Climate Change Is Hurting Regrowth In Forests, UM Researchers Say

A firefighter stands in front of flames from a wildfire. Stock photo.
A firefighter stands in front of flames from a wildfire.

Scientists at the University of Montana have found that climate change is already reducing the ability of some forests in the western U.S. to bounce back after wildfire. Their findings are confirming a long-suspected change.

For the past three years, UM post-doc Kimberly Davis has looked at how ponderosa pine and Douglas fir forests regenerate after fire, and she’s made an eye-opening discovery.

Some forests just won’t be coming back.

Davis says she found that once conditions get hot and dry enough, there’s a dramatic reduction in those trees ability to regenerate.

“So we call these thresholds, where all of a sudden, you cross a certain temperature, and then you see this big decline,” says Davis.

Climate change in the West is crossing a perilous threshold, Davis says, and some of Montana’s iconic pine and fir forests might not be able to regenerate if they get hit by wildfire.

In her lab in Missoula, Davis shows me some of the work researchers do that’s led to their conclusions.

“So if you look in there you’ll be able to see all the cells, so all those little circles,” Davis says as she squints through a microscope at a tiny tree trunk the size of a fingernail.

“They can be really little because they’re young or they can be really little just because they're supressed from competition and shade,” she explains.

For her study, Davis and a small team painstakingly counted the growth rings of 3,000 young trees and analyzed the climate conditions from the exact date each tree started growing.

She determined precisely when and under what climate conditions trees were able to regenerate at 90 burn sites across six states including Montana, California and Colorado.

When Davis looked at recent climate records from those same locations, she realized that a lot of the low-elevation forests she was studying were already crossing that climate threshold.

“What that means is that the climate at many of the sites that we studied is not really suitable for these trees to regenerate anymore,” says Davis.

One of those sites is in the Bitterroot Valley, where low-elevation forest butts up against grassland. Davis says when a fire passes through there in the future, she expects the burned forest edge will become more grassland. The seedling-friendly conditions that would allow pine and fir trees to regenerate are just getting too rare.

Ecologists have been predicting this kind of climate-linked tree regeneration failure for years, says Forest Ecologist Andrew Larson. He wasn’t involved in Davis’ research project, but says Davis is the first person to go beyond just hypotheticals.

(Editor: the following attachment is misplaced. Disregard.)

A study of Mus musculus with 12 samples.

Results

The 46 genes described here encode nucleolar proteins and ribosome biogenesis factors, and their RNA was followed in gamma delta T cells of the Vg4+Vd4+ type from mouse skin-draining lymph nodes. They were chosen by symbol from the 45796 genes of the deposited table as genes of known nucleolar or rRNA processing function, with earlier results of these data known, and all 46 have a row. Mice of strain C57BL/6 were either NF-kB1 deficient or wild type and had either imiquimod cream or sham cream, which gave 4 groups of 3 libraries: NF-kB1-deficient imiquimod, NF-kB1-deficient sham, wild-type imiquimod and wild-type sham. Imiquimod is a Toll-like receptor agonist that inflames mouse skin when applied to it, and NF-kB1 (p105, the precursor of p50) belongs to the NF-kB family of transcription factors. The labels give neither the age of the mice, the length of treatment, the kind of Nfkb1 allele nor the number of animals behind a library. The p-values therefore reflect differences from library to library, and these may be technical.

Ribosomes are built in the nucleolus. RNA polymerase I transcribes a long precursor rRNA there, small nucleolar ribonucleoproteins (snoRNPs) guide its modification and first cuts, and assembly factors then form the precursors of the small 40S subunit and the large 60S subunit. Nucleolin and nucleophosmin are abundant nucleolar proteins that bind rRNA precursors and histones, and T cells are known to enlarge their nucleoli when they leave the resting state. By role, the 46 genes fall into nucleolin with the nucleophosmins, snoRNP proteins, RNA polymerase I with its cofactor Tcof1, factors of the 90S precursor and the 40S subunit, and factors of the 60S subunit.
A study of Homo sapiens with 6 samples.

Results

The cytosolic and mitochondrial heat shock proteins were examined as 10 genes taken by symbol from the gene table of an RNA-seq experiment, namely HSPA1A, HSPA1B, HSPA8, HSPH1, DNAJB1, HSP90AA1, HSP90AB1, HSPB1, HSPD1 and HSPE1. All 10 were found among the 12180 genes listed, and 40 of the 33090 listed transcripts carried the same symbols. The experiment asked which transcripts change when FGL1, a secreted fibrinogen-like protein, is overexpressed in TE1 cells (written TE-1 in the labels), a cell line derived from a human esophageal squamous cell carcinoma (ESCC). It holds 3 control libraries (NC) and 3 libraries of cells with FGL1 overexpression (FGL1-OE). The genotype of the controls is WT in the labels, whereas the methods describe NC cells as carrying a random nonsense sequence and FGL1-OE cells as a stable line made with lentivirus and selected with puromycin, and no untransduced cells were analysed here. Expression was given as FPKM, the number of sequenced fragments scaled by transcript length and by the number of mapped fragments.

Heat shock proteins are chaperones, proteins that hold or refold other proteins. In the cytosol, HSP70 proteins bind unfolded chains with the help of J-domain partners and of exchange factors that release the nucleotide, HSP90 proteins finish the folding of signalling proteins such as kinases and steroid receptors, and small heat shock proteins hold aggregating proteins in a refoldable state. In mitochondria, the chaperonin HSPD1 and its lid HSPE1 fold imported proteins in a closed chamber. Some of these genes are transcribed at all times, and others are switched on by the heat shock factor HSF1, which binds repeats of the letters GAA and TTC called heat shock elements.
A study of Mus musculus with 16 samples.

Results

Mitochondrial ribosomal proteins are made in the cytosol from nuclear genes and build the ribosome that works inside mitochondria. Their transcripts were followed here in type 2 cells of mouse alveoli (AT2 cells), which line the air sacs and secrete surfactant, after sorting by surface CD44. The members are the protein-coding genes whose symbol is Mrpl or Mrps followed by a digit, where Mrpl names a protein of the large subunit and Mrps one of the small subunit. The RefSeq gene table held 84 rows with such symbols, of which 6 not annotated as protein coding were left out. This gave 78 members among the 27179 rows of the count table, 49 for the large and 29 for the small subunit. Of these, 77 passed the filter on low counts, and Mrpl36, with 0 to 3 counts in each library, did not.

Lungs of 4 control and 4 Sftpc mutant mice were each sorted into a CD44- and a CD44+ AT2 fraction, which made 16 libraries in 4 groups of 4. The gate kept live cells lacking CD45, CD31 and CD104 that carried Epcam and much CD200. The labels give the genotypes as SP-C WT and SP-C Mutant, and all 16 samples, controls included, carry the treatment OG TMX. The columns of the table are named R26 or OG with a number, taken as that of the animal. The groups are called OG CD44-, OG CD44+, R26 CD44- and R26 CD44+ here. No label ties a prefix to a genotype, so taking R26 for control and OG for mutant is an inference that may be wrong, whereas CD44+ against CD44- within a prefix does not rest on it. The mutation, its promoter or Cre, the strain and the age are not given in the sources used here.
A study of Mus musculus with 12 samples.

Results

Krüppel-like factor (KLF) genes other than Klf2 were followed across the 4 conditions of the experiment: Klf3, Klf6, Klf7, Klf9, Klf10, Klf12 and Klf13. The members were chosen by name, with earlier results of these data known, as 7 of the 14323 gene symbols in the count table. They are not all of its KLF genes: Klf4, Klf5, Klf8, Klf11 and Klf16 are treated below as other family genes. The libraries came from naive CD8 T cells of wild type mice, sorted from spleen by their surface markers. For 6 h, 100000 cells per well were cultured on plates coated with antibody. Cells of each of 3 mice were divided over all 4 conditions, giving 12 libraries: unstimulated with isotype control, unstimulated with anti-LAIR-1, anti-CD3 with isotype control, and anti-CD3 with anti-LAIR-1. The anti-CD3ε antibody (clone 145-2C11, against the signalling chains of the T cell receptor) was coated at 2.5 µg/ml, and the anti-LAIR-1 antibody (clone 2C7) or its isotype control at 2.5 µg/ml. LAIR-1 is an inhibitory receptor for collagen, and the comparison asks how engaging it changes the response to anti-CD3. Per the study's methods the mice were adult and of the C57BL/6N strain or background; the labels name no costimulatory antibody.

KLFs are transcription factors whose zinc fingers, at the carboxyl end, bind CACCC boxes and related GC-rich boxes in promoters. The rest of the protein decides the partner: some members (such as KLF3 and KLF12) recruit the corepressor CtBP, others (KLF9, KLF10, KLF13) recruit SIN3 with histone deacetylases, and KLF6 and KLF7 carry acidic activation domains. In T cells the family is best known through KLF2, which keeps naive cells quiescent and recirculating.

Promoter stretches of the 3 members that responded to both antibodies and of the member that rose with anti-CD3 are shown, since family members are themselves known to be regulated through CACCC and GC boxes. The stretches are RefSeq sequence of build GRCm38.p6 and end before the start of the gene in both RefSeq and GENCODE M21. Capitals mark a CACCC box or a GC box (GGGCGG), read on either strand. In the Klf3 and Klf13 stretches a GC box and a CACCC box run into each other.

“Nobody else has managed to find this sort of evidence yet," says Larson. "So it's right on the cutting edge of ecosystem change across the West.”

Larson says Davis’ work reveals that changes in forest regeneration that scientists had been predicting would happen by 2040 or 2050 are already happening.

“So 25 to 30 years ahead of the schedule that I was expecting. So to me, that's a surprise," says Larson. "That's saying that climate change impacts are not something that's coming in the future. They're here now, all across the West.”

It’s not all bad news, though.

Knowing where forests won’t be coming back means forest managers can focus their restoration efforts in other places where they’ll have a greater chance of success.

That can be a big help to forest managers who don’t often have the budgets for widespread restoration and don’t want their efforts to go to waste.

“It's a scarce resource that we need to make careful decisions about where we're going to spend those person-hours and dollars,” Larson says.

Larson says that even without new seedlings taking root in these hot, dry, low-elevation forests, there are still plenty of big adult trees with lots of life left in them, and forest managers can use strategies like fuel reduction and prescribed fires to make sure these remaining trees aren’t taken out by a severe blaze.

Still, Larson concedes that for many residents in the West, Davis’s findings are going to be a hard pill to swallow.

“Wow, in my lifetime, this place that has been forest -- in my lifetime, my parents’, my grandparents’ -- that’s gonna change to a grassland or some other non-forest community.”

Davis’s study was published March 11 in the Proceedings of the National Academy of Sciences

Maxine is the All Things Considered host and reporter for MTPR. She got her start at MTPR as a Montana News intern. She has also worked at KUNC in Northern Colorado and for Pacific Standard magazine as an editorial fellow covering wildfire and the environment.
Maxine graduated from the University of Montana with a master's degree in natural resource journalism and has a degree in creative writing from Vassar College. When she’s not behind the microphone you can find Maxine skiing, hiking with her not-so-well-behaved dogs, or lost in a book.